Botanical Description & Habitat
Historical Properties & Uses
Brahmi is a popular Indian Ayurvedic herb. Brahmi is also one of the most frequently used herbs in Japanese medicine. In both cases, it used primarily as a nerve tonic, to treat insomnia and nervous tension, with secondary applications as a diuretic.
Method of Action
Brahmi Saponins are Sedative in Nature
Brahmi contains saponins (dammarane type glycosides called bacosides) yielding ebelin lactone on acid hydrolysis. Saponins of similar character occur in Zizphus jujuba, jujuba fruit, and have been shown to by Chinese physicians to strengthen the nervous system, and decrease insomnia. Jujuba and bacopa are both used for nearly the same purposes, and their chemistry turns out to be nearly identical also.
Brahmi also has marked hypotensive and diuretic properties. Brahmi has some anti-cancer properties, against Walker 256 in the rat.
Brahmi Affects Learning and Memory
Brahmi facilitates the acquisition, consolidation and retention of learned tasks in rats. Acquired responses involved shock-motivated brightness-discrimination tasks (negative reinforcement), active conditioned avoidance responses, and conditioned taste aversions (positive reinforcement).
In this research it was also determined bacopa has no central depressant or stimulant action. The nervous system properties of bacopi appear, therefore, to be receiving ongoing validation in basic research.
Drug Interactions & Precautions
Brahmi, insofar as its diuretic action increases the renal excretion of sodium and chloride, may potentiate the hyperglycemic and hyperuremic effects of glucose elevating agents.
Brahmi should not be used with methotrimeprazine, a potent CNS depressant analgesic.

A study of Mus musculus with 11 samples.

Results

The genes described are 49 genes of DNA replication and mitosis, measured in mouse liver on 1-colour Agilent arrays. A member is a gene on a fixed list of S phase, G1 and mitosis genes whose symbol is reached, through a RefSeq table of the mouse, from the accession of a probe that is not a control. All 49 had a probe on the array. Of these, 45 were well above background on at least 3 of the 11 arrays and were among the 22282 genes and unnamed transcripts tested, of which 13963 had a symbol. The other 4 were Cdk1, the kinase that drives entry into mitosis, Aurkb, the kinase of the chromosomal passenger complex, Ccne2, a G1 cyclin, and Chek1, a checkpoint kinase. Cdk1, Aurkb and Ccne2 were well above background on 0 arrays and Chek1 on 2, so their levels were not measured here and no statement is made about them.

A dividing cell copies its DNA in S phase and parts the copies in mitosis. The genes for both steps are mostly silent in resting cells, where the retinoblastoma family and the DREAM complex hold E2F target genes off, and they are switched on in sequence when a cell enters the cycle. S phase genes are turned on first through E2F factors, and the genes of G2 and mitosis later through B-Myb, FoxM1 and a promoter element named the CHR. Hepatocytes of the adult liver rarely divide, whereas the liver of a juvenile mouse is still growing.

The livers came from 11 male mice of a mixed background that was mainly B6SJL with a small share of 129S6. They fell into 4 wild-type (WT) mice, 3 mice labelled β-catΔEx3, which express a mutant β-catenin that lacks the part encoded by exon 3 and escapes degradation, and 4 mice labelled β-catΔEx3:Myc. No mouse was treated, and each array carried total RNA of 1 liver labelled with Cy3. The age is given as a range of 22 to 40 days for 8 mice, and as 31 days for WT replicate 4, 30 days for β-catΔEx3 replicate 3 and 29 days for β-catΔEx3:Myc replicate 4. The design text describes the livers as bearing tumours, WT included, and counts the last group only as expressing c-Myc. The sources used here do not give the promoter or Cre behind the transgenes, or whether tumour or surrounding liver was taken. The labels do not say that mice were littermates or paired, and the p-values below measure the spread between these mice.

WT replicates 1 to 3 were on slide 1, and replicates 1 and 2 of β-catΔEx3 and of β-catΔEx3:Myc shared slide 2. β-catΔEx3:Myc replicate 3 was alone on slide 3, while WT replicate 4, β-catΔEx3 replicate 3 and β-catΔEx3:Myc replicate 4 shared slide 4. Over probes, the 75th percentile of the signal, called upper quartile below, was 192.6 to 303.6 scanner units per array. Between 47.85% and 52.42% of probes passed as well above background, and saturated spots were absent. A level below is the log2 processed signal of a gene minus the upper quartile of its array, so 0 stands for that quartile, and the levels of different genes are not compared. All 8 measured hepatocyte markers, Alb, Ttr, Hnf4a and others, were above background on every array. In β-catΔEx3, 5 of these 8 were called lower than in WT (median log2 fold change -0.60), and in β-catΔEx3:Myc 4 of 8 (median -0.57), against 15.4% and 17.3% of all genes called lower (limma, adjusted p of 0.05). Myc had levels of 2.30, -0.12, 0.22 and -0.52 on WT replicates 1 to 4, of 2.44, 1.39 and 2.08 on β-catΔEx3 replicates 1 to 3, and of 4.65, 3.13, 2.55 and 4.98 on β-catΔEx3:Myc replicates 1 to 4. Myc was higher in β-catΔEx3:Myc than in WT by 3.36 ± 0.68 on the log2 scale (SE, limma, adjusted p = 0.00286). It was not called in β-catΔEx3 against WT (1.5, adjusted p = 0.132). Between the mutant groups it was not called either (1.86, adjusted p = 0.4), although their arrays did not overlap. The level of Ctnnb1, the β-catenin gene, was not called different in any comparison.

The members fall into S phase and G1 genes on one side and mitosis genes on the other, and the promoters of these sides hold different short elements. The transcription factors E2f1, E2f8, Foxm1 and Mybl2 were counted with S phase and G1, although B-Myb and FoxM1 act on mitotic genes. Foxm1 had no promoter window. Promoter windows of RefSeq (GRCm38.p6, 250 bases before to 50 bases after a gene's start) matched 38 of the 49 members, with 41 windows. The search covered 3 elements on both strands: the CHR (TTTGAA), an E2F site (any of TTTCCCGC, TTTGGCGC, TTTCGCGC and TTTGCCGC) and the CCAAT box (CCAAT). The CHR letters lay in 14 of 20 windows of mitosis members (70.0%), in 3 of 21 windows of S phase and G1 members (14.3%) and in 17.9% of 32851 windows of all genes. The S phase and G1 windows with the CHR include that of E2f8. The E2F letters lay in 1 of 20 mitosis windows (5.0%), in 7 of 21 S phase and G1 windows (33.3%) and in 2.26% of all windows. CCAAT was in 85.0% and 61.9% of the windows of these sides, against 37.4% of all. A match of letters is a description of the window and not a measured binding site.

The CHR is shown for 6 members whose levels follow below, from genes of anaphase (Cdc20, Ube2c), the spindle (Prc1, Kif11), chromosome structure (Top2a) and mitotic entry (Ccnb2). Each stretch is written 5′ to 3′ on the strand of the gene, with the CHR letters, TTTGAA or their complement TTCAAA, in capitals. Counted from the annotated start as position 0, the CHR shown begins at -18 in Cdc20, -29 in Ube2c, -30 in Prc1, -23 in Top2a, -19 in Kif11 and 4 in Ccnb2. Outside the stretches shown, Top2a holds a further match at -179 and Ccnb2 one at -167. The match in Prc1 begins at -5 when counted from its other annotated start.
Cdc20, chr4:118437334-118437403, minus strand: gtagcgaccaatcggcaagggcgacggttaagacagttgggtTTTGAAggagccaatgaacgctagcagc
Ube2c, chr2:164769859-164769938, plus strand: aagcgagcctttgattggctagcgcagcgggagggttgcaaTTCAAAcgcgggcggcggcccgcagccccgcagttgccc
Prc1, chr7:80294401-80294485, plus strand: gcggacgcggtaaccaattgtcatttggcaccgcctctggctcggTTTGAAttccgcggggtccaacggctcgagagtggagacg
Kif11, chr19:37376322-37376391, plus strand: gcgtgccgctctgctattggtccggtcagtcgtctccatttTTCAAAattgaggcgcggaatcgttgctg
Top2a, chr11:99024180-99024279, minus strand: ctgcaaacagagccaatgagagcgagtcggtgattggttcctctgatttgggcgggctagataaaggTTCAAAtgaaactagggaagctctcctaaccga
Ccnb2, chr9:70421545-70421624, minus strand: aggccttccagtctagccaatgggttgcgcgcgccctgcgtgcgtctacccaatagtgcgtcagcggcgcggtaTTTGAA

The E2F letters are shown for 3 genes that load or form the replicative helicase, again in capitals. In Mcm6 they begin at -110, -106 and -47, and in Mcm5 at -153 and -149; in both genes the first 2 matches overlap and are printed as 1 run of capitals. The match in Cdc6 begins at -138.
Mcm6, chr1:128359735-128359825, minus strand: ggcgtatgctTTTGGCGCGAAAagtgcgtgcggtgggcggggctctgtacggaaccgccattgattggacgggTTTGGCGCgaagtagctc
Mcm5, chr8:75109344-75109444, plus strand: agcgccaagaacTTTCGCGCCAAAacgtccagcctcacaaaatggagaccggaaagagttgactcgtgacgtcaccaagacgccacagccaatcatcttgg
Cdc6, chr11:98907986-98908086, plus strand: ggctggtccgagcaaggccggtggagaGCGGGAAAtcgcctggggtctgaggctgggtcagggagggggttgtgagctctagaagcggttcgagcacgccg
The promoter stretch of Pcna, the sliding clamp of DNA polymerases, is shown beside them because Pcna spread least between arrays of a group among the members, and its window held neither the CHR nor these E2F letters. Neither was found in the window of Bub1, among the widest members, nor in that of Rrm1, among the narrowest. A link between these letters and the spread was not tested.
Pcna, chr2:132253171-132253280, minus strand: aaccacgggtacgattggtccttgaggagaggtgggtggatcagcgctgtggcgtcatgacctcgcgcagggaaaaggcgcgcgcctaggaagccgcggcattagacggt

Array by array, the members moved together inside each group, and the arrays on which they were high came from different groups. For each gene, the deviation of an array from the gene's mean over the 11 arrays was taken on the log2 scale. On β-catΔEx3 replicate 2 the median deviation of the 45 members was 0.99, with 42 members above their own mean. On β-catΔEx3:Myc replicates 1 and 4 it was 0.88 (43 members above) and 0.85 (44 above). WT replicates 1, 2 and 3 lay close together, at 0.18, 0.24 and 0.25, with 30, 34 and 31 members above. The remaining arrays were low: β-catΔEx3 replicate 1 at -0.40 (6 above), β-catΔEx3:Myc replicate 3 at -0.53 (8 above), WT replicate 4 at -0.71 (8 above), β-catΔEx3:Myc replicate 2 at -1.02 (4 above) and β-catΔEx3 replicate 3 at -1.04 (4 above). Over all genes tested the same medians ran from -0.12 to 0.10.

The use of diuretics may require dosage adjustments of antidiabetic drugs.
In the absence of other hard data, it may still be assumed observable interactions may occur between the many central nervous system drugs and the psychoactive principles in brahmi.
The neuromuscular relaxing action of brahmi may be enhanced by the use of certain aminoglycoside antibiotics, such as clindamycin.
Safety Factors & Toxicity
Brahmi possess no known side effects or toxicity at normal doses.
Preparation & Administration
use 1-3g twice daily
Note: This Herbal Preparation information is a summary of data from books and articles by various authors. It is not intended to replace the advice or attention of health care professionals.
Bhakuni, D.S., M. Dhar, M. Dhar, B. Dhawan & B. Mehrotra. Screening of indian plants for biological activity. Part II. Indian Journal of Experimental Biology, 7(10), 250-262, 1969.
Chatterji, N., R. Rostogi & M. Dhar. Examination of bacopa monier. I. Isolation of chemical constituents. Indian Journal of Chemistry, 1, 212, 1963.
Gladkih, A.S., I. Gubanov & I. Rabinovich. Pharmacological studies on medicinal plants in India. Farmakologia I Tosikologia, 31(1), 120-122, 1968.
Kawai, K. & Shibata, S. Phytochemistry, 17, 287, 1978.
Kulschreshtha, D.K. & Rastogi, R.P. Chemical examination of bacopa monniera. V. Identification of ebelin lactone from bacoside A and the nature of its genuine sapogenin. Phytochemistry, 12, 887, 1973.
Mowrey, Daniel B., Ph.D. Exper. Psych., Brigham Young University. Director of Nebo Institute of Herbal Sciences. Director of Behavior Change Agent Training Institute. Director of Research, Nova Corp.
Shibata, S. Pharmacology and chemical study of dammarane-type triterpenoids. D. Baron & W. Ollis. eds. Advances in Medicinal Phytochemistry, John Libbey, 1986.
Singh, H.K. & B. Dhawan. Effect of bacopa monniera Linn. (Brahmi) extract on avoidance responses in rat. J of Ethnopharmacology, 5, 205-211, 1982.
Singh, H.K., R. Rastogi, R. Srimal & B. Dhawan. Effect of bacosides A and B on avoidance responses in rats. Phytotherapy research, 2(2), 70-75, 1988.